We're three weeks into the year and the first of what are expected to be dozens of retail bankruptcies has arrived: Nine West.
But it's hardly the first piece of bad news for the embattled retail sector: Wal-Mart Stores abruptly closed more than 60 of its popular "Sam's Club" locations. Macy's has announced job cuts and added seven stores to a list of more than 100 expected closures.
Citing anonymous sources with knowledge of the situation, Bloomberg reports that Nine West Holdings Inc. and its creditors are nearing a deal to restructure almost $1.5 billion of debt. The plan will involve filing for bankruptcy.
And that's not all: Two weeks ago, Sears revealed that it's struggling to renegotiate some $1 billion of "non-first lien debt." - a sign that the one-time giant is on its last legs, and that the long-anticipated bankruptcy of a former icon of American capitalism could unfold before the end of the year.
Circling back to Nine West, Bloomberg said parts of the firm will be sold to pay down some debt, while Nine West seeks Chapter 11 protection. A restructuring plan has been agreed upon in advance by the company and its creditors, said the people. It's hoping to file before a March 15 interest payment comes due.
First-lien lenders would likely be repaid in full, with second-lien lenders getting the majority of the equity in the reorganized company, according to one of the people. A small portion of the equity would go to holders of the retailer's bonds, the person said.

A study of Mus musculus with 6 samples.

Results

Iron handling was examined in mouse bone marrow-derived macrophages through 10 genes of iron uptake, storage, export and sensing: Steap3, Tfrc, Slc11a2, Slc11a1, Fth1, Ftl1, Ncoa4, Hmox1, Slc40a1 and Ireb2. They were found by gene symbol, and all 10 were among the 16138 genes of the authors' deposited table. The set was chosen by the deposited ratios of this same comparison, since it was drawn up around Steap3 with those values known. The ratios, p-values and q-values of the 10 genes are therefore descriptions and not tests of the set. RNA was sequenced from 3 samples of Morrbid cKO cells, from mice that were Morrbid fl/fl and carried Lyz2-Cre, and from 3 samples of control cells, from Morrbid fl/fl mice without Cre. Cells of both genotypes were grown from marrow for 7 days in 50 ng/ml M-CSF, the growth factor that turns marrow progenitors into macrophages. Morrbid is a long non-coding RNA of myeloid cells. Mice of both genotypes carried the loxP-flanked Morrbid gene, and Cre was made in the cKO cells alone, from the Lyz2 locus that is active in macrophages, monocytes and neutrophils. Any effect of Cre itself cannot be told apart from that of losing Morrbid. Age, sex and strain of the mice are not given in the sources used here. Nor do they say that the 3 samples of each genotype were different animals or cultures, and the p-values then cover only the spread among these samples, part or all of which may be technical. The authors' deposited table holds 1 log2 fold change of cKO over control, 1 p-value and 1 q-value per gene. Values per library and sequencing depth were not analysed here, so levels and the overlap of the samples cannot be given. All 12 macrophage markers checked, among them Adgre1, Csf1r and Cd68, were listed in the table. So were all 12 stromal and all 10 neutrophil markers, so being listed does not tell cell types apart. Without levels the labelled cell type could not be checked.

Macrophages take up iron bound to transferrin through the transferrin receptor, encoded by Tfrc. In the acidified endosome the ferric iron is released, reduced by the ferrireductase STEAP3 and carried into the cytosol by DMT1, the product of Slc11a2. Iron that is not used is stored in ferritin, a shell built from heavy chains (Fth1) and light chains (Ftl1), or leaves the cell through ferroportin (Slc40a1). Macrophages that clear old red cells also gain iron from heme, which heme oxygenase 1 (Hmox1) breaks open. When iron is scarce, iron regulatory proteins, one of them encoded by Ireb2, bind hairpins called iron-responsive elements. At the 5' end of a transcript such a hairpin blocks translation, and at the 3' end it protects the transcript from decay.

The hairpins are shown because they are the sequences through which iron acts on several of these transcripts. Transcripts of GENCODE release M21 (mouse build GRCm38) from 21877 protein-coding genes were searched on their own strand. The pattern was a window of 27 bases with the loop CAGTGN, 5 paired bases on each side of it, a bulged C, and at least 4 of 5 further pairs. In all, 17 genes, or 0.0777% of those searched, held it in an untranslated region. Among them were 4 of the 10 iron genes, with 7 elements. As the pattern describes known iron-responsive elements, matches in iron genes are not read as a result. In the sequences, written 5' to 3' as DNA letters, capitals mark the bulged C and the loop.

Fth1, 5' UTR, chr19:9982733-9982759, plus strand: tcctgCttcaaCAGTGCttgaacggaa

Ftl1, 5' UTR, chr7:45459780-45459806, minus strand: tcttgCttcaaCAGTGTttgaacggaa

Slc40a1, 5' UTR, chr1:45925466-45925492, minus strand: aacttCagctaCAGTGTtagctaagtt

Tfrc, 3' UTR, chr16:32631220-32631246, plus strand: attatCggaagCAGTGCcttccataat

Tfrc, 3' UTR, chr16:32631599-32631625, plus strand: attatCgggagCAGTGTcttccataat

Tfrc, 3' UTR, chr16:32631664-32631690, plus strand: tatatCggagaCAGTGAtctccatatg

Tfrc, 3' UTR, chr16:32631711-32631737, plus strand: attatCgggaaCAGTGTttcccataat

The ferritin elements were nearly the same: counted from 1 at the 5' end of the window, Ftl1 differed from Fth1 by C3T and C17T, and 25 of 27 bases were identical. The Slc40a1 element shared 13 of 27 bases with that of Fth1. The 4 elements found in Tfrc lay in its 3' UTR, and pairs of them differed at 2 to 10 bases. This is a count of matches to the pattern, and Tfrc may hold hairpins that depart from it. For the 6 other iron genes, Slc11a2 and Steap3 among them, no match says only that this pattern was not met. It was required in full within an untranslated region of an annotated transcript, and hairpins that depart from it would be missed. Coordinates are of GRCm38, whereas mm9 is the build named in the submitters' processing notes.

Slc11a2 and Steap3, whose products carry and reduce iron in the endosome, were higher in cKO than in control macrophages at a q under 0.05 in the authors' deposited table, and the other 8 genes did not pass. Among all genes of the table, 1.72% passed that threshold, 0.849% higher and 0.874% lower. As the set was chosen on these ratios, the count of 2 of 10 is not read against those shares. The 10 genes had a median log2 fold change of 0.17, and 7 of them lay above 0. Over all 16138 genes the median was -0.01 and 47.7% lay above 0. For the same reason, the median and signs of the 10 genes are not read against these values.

Nine West's 8.255% notes due 2019 traded Monday at 11 cents on the dollar, according to Trace bond-price reporting data.
Sycamore bought Nine West as part of its $2.2 billion acquisition of Jones Group Inc. in 2014. This isn't Sycamore's first retail bankruptcy: Since its founding in 2011, the New York-based private equity firm has snapped up, financed or invested in struggling retailers such as Staples, the Belk department-store chain and Talbots. Sycamore-owned Coldwater Creek liquidated after filing for bankruptcy in 2014, and in 2016 Aeropostale sued the firm, accusing Sycamore of pushing it into bankruptcy.
It's widely believed that 2017 was the worst year for retail bankruptcies in modern US history, and 2018 is expected to be as bad, or worse.
Last year, 8,000 retail stores closed as their parent companies either declared bankruptcy or scaled back...
...And employment in the retail industry has lagged the broader recovery.
Retailers, of course, can thank Amazon founder Jeff Bezos for their troubles. The rise of e-commerce and a period of overexpansion during the 2000s, have decimated the industry. The impact has been felt in the commercial real-estate market as one-third of American shopping malls are expected to close during the coming years, crushing REITs tied to these properties.